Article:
Kenyan Police Officers to Face Jail for Murder of British Peer’s Son

Kenyan Police Officers to Face Jail for Murder of British Peer's Son. Image - Reuters Africa Twitter

FOUR Kenyan police officers WILL face trail for the murder of a British peer’s son who died when taken into custody eight years ago.

A judge has ruled that four Kenyan police officers accused of murdering a British peer’s son will face trial for murder have a case to answer.


His father, Lord Nicholas Monson, 65, and his ex-wife Hilary have been fighting for nine years to determine who was responsible for the death of their son and to get justice.

Judge Erick Ogola told a court today: “The accused should tell the court what happened since the deceased was arrested in good health.”


Lord Monson welcomed the decision and speaking from his home in London told MailOnline: “This is very good news.”

Lord Monson said: “Nearly nine years have passed since Alexander’s murder. The judge’s ruling today is a significant step towards getting justice for him at last. The legal process to achieve justice for him has been indeterminable. Hopefully, this will be achieved by the year’s end.”

The trial began two years ago and has faced a string of delays and postponements, with the judge delaying a decision on whether the case should even proceed last month.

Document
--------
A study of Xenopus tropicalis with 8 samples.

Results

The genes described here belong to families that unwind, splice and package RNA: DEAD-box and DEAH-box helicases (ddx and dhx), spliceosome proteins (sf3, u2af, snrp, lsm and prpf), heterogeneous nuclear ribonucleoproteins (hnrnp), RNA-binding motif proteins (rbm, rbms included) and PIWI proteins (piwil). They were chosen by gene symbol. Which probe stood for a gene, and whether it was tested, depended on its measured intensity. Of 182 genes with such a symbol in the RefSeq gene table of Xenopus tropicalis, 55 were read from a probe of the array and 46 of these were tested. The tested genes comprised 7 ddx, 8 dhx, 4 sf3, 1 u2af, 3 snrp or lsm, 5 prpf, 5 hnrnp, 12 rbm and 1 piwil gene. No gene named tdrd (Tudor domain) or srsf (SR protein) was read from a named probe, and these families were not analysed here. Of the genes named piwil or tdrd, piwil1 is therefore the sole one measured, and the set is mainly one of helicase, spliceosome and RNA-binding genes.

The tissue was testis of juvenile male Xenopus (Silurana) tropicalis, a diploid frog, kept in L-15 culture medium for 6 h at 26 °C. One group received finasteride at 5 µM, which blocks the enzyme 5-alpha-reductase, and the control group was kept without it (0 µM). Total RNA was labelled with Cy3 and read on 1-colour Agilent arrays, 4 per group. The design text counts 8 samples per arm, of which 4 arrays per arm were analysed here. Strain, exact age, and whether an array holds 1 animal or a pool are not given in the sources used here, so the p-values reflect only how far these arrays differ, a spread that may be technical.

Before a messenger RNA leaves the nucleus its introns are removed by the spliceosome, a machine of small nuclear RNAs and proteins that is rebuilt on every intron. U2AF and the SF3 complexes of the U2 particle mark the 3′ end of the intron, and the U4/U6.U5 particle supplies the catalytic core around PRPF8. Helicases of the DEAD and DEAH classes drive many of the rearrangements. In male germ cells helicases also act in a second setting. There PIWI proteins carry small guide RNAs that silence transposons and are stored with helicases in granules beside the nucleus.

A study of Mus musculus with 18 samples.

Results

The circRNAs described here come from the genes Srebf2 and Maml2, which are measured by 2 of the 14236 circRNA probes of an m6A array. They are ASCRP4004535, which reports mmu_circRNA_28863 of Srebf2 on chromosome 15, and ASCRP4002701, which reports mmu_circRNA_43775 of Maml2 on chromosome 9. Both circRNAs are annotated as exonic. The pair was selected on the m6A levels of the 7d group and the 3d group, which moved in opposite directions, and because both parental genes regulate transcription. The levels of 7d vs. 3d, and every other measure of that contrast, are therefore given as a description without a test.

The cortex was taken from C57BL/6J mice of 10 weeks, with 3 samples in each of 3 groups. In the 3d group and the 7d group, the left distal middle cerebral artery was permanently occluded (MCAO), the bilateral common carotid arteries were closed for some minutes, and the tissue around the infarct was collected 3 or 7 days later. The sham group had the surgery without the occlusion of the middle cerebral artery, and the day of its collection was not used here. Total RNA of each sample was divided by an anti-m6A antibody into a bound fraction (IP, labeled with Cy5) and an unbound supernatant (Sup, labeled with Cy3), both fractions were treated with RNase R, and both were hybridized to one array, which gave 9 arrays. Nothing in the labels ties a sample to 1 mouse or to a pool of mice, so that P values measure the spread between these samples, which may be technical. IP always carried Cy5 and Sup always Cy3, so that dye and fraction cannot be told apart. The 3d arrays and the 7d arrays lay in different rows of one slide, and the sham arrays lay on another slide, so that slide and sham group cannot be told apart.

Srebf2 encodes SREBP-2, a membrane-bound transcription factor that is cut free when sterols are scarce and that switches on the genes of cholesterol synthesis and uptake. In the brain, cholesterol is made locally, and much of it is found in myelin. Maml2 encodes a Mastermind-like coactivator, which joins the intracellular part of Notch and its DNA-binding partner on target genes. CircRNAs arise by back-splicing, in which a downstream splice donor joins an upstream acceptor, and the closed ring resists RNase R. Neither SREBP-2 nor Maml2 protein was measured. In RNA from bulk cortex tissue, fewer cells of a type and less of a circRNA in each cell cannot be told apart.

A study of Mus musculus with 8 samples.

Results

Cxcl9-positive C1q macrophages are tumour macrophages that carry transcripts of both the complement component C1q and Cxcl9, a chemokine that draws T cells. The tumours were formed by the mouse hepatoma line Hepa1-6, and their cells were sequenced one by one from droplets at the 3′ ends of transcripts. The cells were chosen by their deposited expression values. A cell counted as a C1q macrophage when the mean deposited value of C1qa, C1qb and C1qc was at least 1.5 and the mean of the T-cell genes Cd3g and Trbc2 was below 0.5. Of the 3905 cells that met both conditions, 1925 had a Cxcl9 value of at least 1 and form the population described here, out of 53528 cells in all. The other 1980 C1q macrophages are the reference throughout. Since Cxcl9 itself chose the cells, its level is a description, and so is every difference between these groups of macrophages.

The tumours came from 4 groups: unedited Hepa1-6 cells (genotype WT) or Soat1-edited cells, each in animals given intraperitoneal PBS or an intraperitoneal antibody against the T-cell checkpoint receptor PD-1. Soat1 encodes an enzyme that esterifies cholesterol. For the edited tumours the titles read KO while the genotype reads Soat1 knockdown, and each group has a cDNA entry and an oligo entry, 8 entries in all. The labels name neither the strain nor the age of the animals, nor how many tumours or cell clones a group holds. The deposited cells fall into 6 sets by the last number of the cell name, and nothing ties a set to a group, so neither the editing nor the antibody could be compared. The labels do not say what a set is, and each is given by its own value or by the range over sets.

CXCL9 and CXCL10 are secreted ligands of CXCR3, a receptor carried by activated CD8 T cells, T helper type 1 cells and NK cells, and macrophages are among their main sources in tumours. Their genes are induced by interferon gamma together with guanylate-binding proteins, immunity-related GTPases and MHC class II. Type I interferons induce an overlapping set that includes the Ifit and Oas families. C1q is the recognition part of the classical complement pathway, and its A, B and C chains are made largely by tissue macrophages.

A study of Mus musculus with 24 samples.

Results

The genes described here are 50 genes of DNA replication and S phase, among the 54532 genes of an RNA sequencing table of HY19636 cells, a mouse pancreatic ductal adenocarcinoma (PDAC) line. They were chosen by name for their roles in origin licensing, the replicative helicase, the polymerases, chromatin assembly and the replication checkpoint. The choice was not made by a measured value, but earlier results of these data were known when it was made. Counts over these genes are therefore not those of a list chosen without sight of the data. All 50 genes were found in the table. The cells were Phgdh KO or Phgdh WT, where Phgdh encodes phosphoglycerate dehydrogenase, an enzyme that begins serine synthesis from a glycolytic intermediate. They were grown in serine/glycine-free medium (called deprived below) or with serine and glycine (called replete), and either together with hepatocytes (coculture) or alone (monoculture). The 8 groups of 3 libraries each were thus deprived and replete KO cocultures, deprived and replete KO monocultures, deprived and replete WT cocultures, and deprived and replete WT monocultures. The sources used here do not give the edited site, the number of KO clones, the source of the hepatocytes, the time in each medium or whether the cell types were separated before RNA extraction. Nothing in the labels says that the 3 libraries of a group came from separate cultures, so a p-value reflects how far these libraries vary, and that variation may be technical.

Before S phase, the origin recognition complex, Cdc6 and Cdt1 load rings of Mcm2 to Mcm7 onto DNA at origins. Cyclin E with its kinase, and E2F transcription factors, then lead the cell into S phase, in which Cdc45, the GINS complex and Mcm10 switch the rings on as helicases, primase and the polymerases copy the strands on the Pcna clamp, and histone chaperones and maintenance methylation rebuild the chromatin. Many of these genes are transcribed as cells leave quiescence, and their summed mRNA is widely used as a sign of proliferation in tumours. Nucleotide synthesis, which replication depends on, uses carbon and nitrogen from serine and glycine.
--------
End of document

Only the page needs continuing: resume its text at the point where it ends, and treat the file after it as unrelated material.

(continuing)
It was finally ruled that the accused officers – Naftali Chege, Charles Munyiri, John Pemba and Pc Ismael Baraka – have a case to answer to and the murder trial must continue.

The inquest heard Monson suffered severe bruising, which suggested he had been kicked in the groin, and internal bleeding on his brain. The inquest in 2018 concluded that Monson had died unlawfully at the hands of the four police officers.

Senior Principal Magistrate Richard Odenyo ruled: “His [Alexander’s] death was not natural, neither was it due to drugs.

“His life was cut short by police and therefore, the director of public prosecution should prosecute the officers mentioned.”

Daniel Wamosta, lawyer for the police officers, told the court: “It is our humble submission that the prosecution has not established a case for the accused to answer the murder charge.”

However, the judge ruled the trial will proceed and the officers must present a defence.